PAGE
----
US SEC Emphasizes Crypto Compliance in 2020 As Priority Subject To Kinder Gentler Approach

US SEC Emphasizes Crypto Compliance in 2020 As Priority Subject To Kinder Gentler Approach

US SEC Emphasizes Crypto Compliance in 2020 As Priority Subject To Kinder Gentler Approach

The United States Securities Exchange Commission has continued its relentless effort in scrutinizing crypto as its compliance office adds fintech and digital assets to its annual priorities list.

In line with an announcement of January 7, from the department of office of Compliance Inspections and Examinations (OCIE), the agency has adopted new financial technologies including digital assets among major concerns in the coming fiscal year.

According to them,the new technological developments in capital formation and investment advice “warrant ongoing attention and review.”
OCIE made a similar disclosure at the beginning of 2019. At that time, however, the office said that:
“OCIE will continue to monitor the offer and sale, trading, and management of digital assets, and where the products are securities, examine for regulatory compliance.”

As the office charged with the responsibility for investigating possibly illicit usage of securities, it is rational and reasonable that OCIE would be on the alert for compliance.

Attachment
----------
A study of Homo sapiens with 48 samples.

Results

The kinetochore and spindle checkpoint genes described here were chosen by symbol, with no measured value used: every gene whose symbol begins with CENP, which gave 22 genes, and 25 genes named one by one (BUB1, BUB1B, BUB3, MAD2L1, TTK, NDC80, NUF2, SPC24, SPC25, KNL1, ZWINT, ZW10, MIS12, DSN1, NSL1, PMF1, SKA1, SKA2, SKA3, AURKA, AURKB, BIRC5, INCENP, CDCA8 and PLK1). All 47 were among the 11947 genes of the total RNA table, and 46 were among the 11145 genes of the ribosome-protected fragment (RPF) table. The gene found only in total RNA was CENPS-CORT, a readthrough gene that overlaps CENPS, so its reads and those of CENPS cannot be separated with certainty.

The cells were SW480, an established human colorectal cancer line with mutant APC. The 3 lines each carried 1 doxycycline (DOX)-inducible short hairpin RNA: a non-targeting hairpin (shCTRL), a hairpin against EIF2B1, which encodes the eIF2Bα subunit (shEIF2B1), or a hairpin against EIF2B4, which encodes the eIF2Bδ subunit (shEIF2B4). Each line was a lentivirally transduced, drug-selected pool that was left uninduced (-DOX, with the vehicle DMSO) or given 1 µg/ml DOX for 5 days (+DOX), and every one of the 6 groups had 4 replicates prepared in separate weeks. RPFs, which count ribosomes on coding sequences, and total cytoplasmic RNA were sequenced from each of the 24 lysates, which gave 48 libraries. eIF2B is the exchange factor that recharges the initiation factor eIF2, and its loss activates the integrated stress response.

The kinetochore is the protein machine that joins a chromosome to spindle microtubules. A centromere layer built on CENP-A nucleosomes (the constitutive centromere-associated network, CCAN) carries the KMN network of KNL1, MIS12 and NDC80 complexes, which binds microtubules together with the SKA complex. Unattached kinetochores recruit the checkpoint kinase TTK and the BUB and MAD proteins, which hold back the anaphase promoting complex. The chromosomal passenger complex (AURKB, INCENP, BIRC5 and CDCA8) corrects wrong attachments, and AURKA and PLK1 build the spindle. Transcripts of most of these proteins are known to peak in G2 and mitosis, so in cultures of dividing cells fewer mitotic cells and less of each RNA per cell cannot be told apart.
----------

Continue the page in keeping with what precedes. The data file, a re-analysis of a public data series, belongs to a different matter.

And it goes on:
There is an obvious discrepancy between the OCIE’s 2020 priorities for crypto differ and those of 2019 in that they seem more broadly interested in the positive potential of financial technologies.
The office wrote that “OCIE also will continue to identify and examine SEC-registered firms engaged in the digital asset space”
It is obvious that the Securities and Exchange Commission has broadly improved on its engagement with cryptocurrencies, particularly initial coin offerings (ICOs).

Famous examples of SEC’s actions against such ICOs include messenging apps Kik with its KIN token and Telegram with its GRAM offering, as well as its $24 million settlement with block.one over the EOS tokens native to its dApp platform.

Reportedly last month, SEC Commissioner Hester Peirce disclosed interest in promoting a more flexible regulatory approach to crypto offerings, including identifying offerings that don’t fall under the United States Securities Exchange Commission purview. She said:

“The biggest thing the crypto community needs is a way to get from a securities offering to a utility token offering that is not covered by securities laws, or is not covered by the full panoply of the securities laws.”

Just recently, crypto exchange Kraken reported a major rise in requests from law enforcement to investigate transactions on the exchange. Similarly, the Internal Revenue Service — the country’s tax authority — has been increasingly assertive in tracking cryptocurrency for taxation purposes.